Friday, March 25, 2011

Wrestling: Now and Then

I grew up during the 90's era of WWF wrestling when The Rock was still a wrestler. My father's side of the family would watch Monday Night Raw and Smackdown religiously, but somehow I could never get into it. It looked so silly to me that I would just do other things while they were watching it. Although sometimes I did watch the programs with them I hardly paid any attention. I would ask them questions about whether they knew it was fake or that all of their favorite wrestlers were also their favorite actors. What they told me was that they didn't care. What mattered to them was the entertainment that wrestling provided and continues to give them to this day. Who am I to knock them or the millions of people who continue to watch these programs (shoutout to Prof. Lirette) with a relish that will never fade.


  1. Looks like the Rock has built quite a career for himself in cinema. He was the Scorpion King and the lead in Walking Tall. Now he will be starring in the new Fast and Furious movie along with Vin Diesel as the head of the police team bent on taking down Vin's crew. Can't say it will be a good movie in any way, but the Rock is still a huge and built guy and will certainly be pile-driving Mr. Diesels head into the concrete to please his fans this time around. Yay grappling violence!

  2. Have you seen The Wrestler? Mickey Rourke's character is assaulted with a staple gun in the ring.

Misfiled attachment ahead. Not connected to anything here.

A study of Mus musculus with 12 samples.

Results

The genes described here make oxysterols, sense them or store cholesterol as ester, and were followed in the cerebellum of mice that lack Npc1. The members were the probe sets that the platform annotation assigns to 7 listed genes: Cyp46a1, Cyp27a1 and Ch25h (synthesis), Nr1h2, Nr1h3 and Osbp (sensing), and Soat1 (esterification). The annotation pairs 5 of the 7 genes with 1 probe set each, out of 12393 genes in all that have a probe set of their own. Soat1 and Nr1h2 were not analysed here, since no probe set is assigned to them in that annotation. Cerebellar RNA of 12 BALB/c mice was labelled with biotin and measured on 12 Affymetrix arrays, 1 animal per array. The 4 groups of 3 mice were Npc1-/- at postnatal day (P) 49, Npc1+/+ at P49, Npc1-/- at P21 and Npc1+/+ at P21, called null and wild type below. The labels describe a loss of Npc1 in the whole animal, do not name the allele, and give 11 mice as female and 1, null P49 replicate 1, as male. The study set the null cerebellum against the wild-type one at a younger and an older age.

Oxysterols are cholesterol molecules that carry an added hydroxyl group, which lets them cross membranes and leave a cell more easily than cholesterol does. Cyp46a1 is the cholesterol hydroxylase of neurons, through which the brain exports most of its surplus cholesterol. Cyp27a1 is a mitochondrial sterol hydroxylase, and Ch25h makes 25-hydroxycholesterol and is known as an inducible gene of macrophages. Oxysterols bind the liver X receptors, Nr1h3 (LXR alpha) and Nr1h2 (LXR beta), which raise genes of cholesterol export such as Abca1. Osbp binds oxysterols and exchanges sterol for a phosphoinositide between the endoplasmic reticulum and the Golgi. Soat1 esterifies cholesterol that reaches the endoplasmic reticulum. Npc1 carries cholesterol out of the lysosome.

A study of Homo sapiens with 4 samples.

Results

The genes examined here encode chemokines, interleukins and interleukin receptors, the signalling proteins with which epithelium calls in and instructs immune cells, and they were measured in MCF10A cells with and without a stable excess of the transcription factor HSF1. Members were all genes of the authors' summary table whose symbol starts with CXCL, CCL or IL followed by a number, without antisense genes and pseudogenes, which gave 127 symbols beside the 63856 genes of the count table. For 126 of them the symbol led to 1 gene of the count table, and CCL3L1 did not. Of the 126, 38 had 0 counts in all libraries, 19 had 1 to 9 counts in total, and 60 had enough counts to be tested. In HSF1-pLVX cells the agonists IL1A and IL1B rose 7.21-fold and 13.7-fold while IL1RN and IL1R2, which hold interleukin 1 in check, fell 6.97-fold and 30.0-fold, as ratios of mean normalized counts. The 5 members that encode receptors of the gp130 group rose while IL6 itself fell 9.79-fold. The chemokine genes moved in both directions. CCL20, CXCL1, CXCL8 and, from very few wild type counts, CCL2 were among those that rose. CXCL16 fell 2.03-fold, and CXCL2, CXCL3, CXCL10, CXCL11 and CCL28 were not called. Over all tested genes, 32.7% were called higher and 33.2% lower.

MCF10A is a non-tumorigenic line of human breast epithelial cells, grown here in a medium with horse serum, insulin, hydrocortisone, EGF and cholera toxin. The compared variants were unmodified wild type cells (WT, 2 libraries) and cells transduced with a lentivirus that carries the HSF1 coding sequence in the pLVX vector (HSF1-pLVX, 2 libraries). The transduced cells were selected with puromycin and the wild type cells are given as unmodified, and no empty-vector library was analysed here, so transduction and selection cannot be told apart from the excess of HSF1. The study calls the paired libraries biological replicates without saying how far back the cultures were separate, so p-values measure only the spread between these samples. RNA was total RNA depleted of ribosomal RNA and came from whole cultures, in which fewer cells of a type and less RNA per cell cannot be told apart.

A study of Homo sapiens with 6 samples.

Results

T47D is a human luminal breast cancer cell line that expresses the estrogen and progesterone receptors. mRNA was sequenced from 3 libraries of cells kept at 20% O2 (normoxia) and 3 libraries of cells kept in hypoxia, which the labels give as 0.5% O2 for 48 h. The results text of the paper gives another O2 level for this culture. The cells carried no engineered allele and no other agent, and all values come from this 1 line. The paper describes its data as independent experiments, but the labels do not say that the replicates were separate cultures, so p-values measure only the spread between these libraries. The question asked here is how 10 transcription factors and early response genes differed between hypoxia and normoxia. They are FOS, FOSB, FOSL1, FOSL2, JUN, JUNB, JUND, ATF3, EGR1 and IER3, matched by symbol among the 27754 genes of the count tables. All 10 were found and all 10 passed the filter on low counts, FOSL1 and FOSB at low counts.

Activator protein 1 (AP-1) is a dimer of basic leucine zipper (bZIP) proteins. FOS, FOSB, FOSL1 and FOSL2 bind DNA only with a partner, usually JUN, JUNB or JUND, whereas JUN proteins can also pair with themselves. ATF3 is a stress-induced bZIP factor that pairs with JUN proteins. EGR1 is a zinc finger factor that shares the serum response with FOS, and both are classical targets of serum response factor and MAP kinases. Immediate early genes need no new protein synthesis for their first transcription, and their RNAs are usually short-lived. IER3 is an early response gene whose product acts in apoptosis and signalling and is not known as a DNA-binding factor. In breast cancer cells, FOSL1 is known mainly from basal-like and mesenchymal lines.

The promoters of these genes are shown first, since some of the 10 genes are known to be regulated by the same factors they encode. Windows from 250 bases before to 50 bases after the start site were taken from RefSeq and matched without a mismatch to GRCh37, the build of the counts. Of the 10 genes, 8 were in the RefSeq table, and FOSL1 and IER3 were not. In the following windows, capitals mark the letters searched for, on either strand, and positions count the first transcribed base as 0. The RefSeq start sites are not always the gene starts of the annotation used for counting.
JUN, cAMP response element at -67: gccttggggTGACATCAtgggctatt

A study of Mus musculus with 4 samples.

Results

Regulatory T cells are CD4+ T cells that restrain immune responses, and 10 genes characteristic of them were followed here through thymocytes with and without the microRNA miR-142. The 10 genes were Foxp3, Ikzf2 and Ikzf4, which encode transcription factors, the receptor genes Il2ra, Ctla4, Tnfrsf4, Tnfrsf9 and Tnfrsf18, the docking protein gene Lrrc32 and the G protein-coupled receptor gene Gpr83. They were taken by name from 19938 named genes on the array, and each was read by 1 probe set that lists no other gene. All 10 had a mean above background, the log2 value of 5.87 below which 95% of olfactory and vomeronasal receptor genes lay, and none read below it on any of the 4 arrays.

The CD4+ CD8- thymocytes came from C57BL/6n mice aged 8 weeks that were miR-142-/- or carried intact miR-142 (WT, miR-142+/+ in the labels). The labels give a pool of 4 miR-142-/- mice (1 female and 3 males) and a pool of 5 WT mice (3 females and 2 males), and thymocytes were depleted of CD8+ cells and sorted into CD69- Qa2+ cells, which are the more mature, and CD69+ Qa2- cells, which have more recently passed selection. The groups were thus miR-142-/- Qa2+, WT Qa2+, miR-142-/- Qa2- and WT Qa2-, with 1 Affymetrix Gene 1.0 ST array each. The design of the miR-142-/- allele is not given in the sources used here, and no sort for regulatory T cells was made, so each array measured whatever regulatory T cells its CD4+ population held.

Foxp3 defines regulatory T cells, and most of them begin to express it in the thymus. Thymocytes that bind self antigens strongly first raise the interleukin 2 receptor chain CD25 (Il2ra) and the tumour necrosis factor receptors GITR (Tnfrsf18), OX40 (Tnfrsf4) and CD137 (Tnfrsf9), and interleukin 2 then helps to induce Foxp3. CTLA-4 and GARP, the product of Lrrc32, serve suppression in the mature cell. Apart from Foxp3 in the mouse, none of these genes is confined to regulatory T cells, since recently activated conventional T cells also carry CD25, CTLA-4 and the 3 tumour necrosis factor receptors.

3. Like yourself, I'm also greatly bewildered by the appeal wrestling has for so many people around the world. The greatest disconnect for me and the key reason why it never commands my interest is the very fact that it isn't real. It makes the overly dramatic nature of the acting seem even more silly. In contrast, MMA is more appealing, as one who has also trained in the martial arts at one point, I can appreciate much more easily the time, effort and skill it takes to win fights against fighters so well trained

  4. To me, the most astounding thing about wrestling is the the fact that individuals are willing to go as far as die for a 'fake' sport. Although it is often swept aside, there is a piling list of deaths that can be connected to the pro wrestling career. I hope to expound upon these deaths in a future post, but a recent example that comes to mind is Chris Benoit. This ex-wrestler's life tragically ended with the murder of his wife, boy, and himself. I think that the use of the word 'fake' may be an inappropriate way to describe the events that unfold on television. For instance, we wouldn't refer to bodybuilding/weightlifting as fake because steroids are involved. Nevertheless, the training that wrestlers put themselves through combines many of the elements of bodybuilding, martial arts, and injury prevention exercises. I am only an occasional viewer of pro wrestling, but I believe its label as 'fake' is undeserved.

    This link speak a little about the brain condition of Benoit upon his autopsy:


Note: Only a member of this blog may post a comment.